Seattle Public Schools

Seattle, Washington
Multiple Public Schools
Market Sector:
K-12 Education
Facility Specialty:
Public Schools


Seattle Public Schools engaged MENG Analysis to facilitate development of Owner's Project Requirements (OPR) to guide project development includes through design, construction, and commissioning of the following schools:

Daniel Bagley Elementary School

The project included a major addition and renovation to the existing school facility. Various minor renovations have been completed over the years including mechanical, electrical and building envelope system upgrades. The school now has expanded enrollment after the renovation.

Lincoln High School

The project includes a major renovation of the existing school building. The facility was used as an interim school site where an elementary school and other programs are located. These programs have relocated in to new school facilities that were constructed.

Queen Anne Elementary School

The project included a major addition to the existing school facility. The original wood frame school building was constructed in 1905 and a second brick masonry building constructed in 1922. Both school buildings and the site have Landmark designation. The school cfter the new addition project is complete it will continue with an expanded elementary school program.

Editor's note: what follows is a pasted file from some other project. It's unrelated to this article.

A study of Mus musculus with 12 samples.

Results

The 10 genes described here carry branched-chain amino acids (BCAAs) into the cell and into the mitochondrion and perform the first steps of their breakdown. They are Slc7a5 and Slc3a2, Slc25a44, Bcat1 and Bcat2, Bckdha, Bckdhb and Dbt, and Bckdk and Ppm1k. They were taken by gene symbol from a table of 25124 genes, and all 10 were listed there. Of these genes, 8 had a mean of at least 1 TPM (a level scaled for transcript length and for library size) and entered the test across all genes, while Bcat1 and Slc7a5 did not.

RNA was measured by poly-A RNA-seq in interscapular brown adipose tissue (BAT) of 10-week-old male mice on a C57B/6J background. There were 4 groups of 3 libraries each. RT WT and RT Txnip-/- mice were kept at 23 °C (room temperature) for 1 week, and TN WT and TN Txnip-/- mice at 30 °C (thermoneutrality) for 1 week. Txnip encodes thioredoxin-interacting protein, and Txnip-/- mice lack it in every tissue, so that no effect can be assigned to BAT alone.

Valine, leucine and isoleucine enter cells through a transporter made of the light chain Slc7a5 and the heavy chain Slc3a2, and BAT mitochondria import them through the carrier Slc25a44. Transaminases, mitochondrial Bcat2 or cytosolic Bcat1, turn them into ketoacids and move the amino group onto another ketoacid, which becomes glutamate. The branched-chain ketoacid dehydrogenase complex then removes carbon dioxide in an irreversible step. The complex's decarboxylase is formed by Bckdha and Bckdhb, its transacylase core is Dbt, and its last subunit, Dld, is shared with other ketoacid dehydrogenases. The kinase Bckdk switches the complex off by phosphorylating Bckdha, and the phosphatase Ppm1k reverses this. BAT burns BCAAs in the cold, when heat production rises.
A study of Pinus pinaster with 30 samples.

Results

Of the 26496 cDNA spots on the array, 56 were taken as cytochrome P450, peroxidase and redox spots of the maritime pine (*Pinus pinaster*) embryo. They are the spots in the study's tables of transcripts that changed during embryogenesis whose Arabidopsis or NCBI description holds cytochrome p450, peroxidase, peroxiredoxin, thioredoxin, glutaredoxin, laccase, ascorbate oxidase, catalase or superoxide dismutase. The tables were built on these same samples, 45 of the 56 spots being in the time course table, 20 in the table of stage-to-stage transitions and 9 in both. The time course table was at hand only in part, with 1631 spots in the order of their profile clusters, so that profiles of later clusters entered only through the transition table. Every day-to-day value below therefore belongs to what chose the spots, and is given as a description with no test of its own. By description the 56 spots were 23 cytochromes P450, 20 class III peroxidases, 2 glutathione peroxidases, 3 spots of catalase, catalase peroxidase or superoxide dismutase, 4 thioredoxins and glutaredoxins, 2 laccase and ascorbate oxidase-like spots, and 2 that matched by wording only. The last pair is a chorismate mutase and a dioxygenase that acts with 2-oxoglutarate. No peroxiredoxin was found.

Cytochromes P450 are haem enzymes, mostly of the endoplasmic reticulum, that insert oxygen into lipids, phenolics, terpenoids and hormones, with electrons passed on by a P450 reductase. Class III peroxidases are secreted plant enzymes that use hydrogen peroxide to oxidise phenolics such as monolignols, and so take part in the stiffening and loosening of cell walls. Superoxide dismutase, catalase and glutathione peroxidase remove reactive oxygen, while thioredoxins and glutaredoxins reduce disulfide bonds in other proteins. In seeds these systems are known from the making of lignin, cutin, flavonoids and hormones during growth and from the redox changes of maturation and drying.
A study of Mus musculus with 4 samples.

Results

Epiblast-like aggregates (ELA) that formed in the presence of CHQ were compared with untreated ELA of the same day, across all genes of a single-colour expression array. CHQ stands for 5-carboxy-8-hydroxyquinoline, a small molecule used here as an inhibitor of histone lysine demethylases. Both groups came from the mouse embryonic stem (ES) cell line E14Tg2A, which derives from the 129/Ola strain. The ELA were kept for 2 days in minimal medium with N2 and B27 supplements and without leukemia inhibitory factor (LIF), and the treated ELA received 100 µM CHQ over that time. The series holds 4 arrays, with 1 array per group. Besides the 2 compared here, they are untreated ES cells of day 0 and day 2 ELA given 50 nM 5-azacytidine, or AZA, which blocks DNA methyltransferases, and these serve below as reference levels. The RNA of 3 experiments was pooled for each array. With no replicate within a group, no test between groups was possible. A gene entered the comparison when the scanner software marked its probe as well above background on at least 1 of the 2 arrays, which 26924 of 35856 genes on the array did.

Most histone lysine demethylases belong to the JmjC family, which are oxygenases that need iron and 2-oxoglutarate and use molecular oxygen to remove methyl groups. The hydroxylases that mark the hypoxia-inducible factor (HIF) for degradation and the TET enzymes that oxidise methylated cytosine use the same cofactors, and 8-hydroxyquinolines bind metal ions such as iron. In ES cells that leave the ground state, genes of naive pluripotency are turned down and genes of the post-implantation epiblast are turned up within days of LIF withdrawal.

Wing Luke Elementary School

The project included demolishing of the existing school buildings and construction of a new expanded elementary school at the same location.


Approach & Process

Through a series of workshops, MENG Analysis, along with District stakeholders developed a Master OPR, then tailored the Master to each of the four aforementioned projects. This project was originally planned to be a single workshop for each of the five OPRs. However, early in the process, it was decided that a more iterative approach would increase stakeholder involvement and result in greater stakeholder buy-in. The resulting six master meetings and four site-specific workshops provided a venue for diverse SPS stakeholders including finance, education, capital projects, O&M, resource conservation, planning, and others, to address each other’s concerns and requirements for project success. This resulted in all parties gaining a more thorough understanding of the goals and challenges that each groups faces. By facilitating communication between these groups, the resulting OPRs are more thorough and incorporate elements that are important to each stakeholder group.